Demand Mandatory Labeling of GMOs—Not Voluntary Labeling or QR Codes!


The scheme would require you to scan the product, then be directed to the company’s website where you’d have wade through the advertising  and search the fine print.

Of course, you’d have to have a smart phone. And plenty of time on your hands.
We didn’t like the plan then. We don’t like it now. And we’re not keen that Sen. Debbie Stabenow, a Democrat, may step up to co-sponsor a bill in the Senate that would substitute a voluntary QR code scheme for a mandatory GMO labeling law. 
TAKE ACTION: Tell Secretary of Agriculture Tom Vilsack and your Senators: Consumers Want Mandatory GMO Labeling, not Barcodes!
It could happen. And it may even have support from so-called public interest groups like JustLabelIt and the Center for Science in the Public Interest—groups consumers believe are still on our side.

It was back in February that Vilsack once again floated the idea of consumers using barcodes to identify foods that contain GMOs, as an alternative to requiring food manufacturers to put a label on those products.

 
Referring to the ongoing debate over GMO labeling laws, Vilsack (according to the Associated Press) told the House during a hearing on agriculture spending: “We could solve that issue in a heartbeat.”

At the time, the paywalled site PoliticoPro reported:The barcode idea is a way of finding that balance, because it creates a process by which a great deal of info can be supplied to a consumer who is interested but it doesn’t indicate that there is anything wrong with a product like a label does, (Agriculture Secretary Tom) Vilsack said.

Rep. Collin Peterson, the ranking Democrat on the House Agriculture Committee, supports the idea too. Peterson told POLITICO in May that such a system would mean that: ‘[I]f someone wants to know what’s in these products they can read it on their smartphone and that solves the problem” without “cluttering up the label.’”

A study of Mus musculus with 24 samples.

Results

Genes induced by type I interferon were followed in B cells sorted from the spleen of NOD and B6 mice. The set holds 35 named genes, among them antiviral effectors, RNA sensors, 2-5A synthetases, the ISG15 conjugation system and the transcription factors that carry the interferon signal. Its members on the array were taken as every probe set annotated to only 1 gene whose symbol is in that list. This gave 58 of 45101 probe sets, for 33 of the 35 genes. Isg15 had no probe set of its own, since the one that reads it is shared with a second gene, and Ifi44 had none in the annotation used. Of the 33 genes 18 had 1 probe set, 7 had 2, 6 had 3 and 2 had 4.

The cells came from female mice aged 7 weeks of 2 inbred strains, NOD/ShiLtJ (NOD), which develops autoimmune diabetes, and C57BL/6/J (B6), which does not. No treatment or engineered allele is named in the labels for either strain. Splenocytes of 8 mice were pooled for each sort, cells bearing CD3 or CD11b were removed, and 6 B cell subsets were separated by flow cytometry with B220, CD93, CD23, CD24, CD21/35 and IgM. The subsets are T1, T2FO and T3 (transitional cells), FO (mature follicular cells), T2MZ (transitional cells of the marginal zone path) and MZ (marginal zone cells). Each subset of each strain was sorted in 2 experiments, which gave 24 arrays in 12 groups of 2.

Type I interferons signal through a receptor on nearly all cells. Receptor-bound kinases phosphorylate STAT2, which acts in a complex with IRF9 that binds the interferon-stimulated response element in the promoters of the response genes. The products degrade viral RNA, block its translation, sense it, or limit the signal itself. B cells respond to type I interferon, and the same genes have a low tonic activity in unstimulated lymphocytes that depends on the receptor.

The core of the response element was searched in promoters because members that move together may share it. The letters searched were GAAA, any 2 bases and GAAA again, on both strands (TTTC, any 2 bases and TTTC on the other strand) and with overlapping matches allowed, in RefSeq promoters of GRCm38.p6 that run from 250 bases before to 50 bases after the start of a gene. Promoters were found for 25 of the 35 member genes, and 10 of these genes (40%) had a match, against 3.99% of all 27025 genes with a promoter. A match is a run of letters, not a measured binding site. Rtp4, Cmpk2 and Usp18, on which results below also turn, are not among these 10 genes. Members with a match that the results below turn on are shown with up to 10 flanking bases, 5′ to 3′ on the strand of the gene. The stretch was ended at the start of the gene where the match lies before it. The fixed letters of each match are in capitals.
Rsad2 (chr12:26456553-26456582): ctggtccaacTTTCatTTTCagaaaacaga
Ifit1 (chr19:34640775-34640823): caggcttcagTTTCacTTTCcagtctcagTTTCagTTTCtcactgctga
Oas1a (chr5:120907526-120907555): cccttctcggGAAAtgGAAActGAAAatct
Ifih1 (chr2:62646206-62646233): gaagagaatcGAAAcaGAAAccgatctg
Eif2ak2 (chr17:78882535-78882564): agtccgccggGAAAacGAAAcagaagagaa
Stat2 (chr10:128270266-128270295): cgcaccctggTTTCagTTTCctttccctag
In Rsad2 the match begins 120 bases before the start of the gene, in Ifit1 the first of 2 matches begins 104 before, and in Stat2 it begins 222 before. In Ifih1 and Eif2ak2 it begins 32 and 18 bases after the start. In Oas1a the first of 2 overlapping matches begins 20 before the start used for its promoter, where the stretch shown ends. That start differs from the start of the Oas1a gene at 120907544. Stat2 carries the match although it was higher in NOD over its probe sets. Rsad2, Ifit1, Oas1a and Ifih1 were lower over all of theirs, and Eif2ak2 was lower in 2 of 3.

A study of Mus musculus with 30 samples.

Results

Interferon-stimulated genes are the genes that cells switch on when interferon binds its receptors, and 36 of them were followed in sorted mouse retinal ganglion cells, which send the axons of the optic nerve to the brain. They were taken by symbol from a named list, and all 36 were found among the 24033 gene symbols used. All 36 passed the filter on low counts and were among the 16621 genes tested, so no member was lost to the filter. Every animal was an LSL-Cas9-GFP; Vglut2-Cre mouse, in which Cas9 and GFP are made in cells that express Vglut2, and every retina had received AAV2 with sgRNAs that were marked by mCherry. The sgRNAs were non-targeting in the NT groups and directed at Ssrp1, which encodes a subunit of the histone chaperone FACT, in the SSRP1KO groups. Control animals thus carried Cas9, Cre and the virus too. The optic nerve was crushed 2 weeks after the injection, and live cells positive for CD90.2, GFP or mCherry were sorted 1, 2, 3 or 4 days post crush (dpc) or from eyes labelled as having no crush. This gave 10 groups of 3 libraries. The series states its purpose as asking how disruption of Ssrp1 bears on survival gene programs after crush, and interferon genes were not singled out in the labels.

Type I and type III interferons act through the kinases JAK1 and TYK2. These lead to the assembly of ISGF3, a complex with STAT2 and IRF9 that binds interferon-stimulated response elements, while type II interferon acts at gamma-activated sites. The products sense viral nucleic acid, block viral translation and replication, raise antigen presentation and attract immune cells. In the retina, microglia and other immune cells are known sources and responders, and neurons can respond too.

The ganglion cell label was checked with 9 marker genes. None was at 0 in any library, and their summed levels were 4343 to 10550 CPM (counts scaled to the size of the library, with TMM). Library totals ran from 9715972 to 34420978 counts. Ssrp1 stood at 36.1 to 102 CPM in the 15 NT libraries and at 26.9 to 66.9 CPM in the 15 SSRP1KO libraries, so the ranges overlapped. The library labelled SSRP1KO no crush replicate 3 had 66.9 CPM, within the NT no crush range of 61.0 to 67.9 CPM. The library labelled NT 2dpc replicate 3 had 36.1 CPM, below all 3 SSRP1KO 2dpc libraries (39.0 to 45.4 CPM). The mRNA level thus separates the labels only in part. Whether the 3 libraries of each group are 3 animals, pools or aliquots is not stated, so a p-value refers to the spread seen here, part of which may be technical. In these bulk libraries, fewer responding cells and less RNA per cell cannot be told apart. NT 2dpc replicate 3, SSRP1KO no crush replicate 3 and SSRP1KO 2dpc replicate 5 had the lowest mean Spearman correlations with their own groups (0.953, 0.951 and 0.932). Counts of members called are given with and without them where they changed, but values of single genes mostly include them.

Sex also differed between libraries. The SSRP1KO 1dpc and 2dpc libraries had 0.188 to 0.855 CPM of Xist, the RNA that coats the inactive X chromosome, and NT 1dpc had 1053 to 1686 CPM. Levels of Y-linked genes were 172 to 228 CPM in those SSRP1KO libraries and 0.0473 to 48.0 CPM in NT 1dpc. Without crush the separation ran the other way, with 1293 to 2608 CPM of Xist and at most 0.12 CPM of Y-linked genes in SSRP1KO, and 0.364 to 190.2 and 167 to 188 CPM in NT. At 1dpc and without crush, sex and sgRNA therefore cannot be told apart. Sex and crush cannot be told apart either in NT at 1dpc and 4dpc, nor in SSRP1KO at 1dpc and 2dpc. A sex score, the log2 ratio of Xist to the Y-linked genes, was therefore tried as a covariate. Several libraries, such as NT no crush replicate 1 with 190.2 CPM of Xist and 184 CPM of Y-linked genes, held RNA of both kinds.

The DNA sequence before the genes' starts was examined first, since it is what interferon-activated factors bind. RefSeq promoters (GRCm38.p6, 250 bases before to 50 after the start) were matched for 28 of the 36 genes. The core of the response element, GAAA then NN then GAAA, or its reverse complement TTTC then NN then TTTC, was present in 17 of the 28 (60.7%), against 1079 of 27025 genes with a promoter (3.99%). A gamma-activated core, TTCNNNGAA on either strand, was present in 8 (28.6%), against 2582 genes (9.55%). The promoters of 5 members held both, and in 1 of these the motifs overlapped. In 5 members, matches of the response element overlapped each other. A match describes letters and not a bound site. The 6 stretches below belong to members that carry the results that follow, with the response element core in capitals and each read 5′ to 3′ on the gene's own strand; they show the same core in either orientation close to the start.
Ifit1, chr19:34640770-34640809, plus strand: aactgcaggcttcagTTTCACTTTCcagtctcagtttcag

One of the biotech and Big Food's most popular arguments against mandatory labeling is that it will cost manufacturers money, a cost they will have to pass on to consumers. They base that claim on one study, by Cornell University, which was funded by, and remains the intellectual property of, the biotech industry. (Labeling opponents ignore all the other, independently funded studies, that show labeling would result in no increased cost to consumers).

Are we to believe that it would cost more to put four words—produced with genetic engineering—on labels that manufacturers routinely change, than it would to print a sophisticated QR code on a label? Or is it just that food companies like this idea because it requires consumers to visit a company website where they will be subjected to a barrage of advertising?   

In anticipation of a "win" in Congress, the Grocery Manufacturers Association (GMA), the multi-billion dollar lobbying group representing Big Food and also the architects of H.R. 1599, is already working with companies like Hershey's on just such a scheme.
 
Consumers shouldn’t have to rely on a technology that is not readily and/or equally available to everyone, and would no doubt be confusing to others. In more than 60 other countries, where laws require the mandatory labeling of GMOs, consumers can simply glance at the package their food comes in to instantly know whether or not the food contains genetically engineered ingredients.

Secretary Vilsack continues to insist that GMO’s are perfectly safe, despite growing evidence, based on sound science, to the contrary. He points to a 1992 decision by the U.S. Food & Drug Administration (FDA)—a decision made only after an ex-Monsanto lawyer was appointed to the FDA—as conclusive proof that GMOs are safe.

As everyone knows by now, the FDA conducts no pre-market safety testing on GMO foods and crops. Instead, the tax-funded agency charged with safeguarding the U.S. food supply relies on the word of the companies’ whose profits are at stake that GMOs pose no potential health risks.

Please tell Secretary Vilsack and your Senators you don’t want no stinkin’ barcodes—you want mandatory labeling of GMOs!

More on Vilsack, barcodes and GMO safety here and here.